The members of the Senate Select Committee installed to scrutinise the National Broadband Network are seemingly at each other's throats, with the political obstinacy that has so far characterised the project once again threatening the prospect of delivering a meaningful outcome.
An interim report tabled by the committee has called for a comprehensive rewrite of the NBN strategic review handed down by NBN Co late last year, challenging the faulty assumptions on which it was based.
According to the report, the review currently on the table is “deeply flawed” and essentially an exercise in undermining the rationale for Labor’s fibre-to-the-premises model.
Distortion to static
The report is a comprehensive laundry list of complaints, but here’s the crux of it.
According to the committee, the revised outlook includes financial manipulations and other irregularities, chief among them the exclusion of “approximately $4 billion in ‘business as usual’, incremental architecture savings signed off by previous NBN Co management, and their characterisation as ‘radical’ for inclusion” in Scenario 2 (‘Radically Redesigned FTTP’).
Then there is the assumption of a delay in the revised deployment schedule that is “at odds with NBN Co’s current run rate”, something the committee says is a deliberate attempt to undermine Labor’s model by removing the $11.6bn in revenues and adding $13bn in peak funding to the FTTP model.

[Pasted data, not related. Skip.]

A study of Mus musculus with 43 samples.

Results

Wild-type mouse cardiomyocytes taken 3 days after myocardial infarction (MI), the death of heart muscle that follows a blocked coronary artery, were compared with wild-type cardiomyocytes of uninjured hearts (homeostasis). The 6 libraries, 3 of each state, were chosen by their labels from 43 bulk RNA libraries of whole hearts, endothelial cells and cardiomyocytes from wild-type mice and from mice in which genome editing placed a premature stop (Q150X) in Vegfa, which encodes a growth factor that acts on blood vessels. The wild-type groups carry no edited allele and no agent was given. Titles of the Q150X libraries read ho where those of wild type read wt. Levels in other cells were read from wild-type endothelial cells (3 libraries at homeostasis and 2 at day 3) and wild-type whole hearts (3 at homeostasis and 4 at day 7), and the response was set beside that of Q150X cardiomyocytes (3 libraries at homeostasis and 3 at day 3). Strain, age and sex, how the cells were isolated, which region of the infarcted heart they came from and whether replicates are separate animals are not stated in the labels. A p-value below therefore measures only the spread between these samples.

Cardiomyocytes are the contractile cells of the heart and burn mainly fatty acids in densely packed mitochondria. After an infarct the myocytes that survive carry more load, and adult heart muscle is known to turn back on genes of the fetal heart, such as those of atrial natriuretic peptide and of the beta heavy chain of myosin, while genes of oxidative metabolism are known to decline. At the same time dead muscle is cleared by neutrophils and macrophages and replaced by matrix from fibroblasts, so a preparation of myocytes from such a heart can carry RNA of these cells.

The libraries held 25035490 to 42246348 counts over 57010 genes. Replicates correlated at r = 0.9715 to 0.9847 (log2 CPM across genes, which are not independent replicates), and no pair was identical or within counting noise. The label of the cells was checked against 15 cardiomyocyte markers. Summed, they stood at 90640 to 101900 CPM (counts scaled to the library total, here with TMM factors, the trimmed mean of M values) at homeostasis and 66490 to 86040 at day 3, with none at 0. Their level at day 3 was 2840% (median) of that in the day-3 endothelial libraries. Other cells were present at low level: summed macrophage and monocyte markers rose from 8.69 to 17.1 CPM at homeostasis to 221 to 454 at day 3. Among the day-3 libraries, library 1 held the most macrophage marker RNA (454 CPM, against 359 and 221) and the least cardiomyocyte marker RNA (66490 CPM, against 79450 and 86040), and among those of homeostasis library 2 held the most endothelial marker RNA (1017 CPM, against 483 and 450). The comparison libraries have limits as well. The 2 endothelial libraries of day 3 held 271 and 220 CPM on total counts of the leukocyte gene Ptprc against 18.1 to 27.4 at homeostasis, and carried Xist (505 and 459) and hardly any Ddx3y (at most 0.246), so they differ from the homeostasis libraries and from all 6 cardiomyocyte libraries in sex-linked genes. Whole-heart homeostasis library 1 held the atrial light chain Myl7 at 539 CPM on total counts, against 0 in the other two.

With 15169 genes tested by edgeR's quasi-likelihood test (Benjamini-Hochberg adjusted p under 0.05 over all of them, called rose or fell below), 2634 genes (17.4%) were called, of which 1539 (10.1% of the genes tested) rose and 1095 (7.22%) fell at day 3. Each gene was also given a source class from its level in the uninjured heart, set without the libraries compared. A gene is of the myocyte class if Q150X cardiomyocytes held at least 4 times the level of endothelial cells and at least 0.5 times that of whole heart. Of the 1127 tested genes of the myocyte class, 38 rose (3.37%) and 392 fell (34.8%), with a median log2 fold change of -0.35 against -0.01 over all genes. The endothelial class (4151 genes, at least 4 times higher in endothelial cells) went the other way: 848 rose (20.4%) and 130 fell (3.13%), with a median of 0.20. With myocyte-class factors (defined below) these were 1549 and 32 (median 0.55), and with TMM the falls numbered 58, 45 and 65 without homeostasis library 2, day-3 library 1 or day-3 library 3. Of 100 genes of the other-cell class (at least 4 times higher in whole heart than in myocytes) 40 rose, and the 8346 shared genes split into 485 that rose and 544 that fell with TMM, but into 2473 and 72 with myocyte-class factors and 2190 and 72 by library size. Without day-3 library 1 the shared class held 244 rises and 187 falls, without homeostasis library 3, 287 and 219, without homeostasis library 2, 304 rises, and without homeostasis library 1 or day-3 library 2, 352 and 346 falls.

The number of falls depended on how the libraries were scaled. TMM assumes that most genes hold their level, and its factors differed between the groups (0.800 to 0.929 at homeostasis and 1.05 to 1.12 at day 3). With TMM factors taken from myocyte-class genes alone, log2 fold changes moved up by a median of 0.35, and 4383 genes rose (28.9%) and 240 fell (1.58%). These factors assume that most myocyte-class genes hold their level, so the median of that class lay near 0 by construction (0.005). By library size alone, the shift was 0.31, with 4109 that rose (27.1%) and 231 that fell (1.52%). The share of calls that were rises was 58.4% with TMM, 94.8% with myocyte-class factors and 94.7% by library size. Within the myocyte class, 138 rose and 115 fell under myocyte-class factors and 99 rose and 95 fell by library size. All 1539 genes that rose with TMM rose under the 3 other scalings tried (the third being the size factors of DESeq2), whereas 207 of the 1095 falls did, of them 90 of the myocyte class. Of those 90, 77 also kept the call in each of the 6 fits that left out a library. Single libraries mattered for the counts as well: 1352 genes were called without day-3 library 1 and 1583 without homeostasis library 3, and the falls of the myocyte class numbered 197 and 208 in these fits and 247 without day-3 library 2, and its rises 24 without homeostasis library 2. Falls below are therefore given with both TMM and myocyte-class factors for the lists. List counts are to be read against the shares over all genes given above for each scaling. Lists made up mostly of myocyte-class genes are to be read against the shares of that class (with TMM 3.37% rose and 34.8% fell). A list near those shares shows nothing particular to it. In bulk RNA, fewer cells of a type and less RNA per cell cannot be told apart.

While the committee wants to send NBN Co back to the drawing board to correct the “deficiencies and distortions”, it suggests that the rate of the FTTP rollout be sped up.
There are a few other recommendations on offer, all universally desultory as to how the Coalition has handled the NBN so far.
Politically motivated board appointments, multiple reviews running on short timetables and a lack of transparency are all indictments on a governance culture that needs to be remedied, the committee says.
The bottom line: the Coalition is fudging its numbers and stacking the board in its favour to ram a sub-standard NBN down our throats, and the committee is providing the sole bulwark of scrutiny to keep the Coalition honest.
The only problem is that the members of the panel are evidently more interested in playing partisan politics, which shouldn’t be a surprise with former communications minister the one Stephen Conroy running it.
Conroy’s presence is unfortunately the single biggest factor as to why politics, not process, have become the key focus of attention.
As the three Coalition senators in the committee point out, the committee hearings have become a grand face-saving exercise for Senator Conroy, the architect of Labor’s NBN.
Senator Conroy’s knowledge of the sector and the NBN process is an invaluable asset to the committee, but having said that, his odius conduct during the hearings has understandably left him open to criticism.
Conroy has a reputation for not mincing his words, and while his belligerence does have a place, his tendency to run the committee hearings as his private fiefdom has left the panel divided and allowed the senators to indulge in political posturing.
Does the Coalition’s NBN plan need stringent scrutiny? Absolutely. Is the Senate Committee doing a good job providing that scrutiny? The jury is out on that.
The next committee hearing is this Friday and amid the flurry of accusations and invectives, let’s hope something of value gets some oxygen.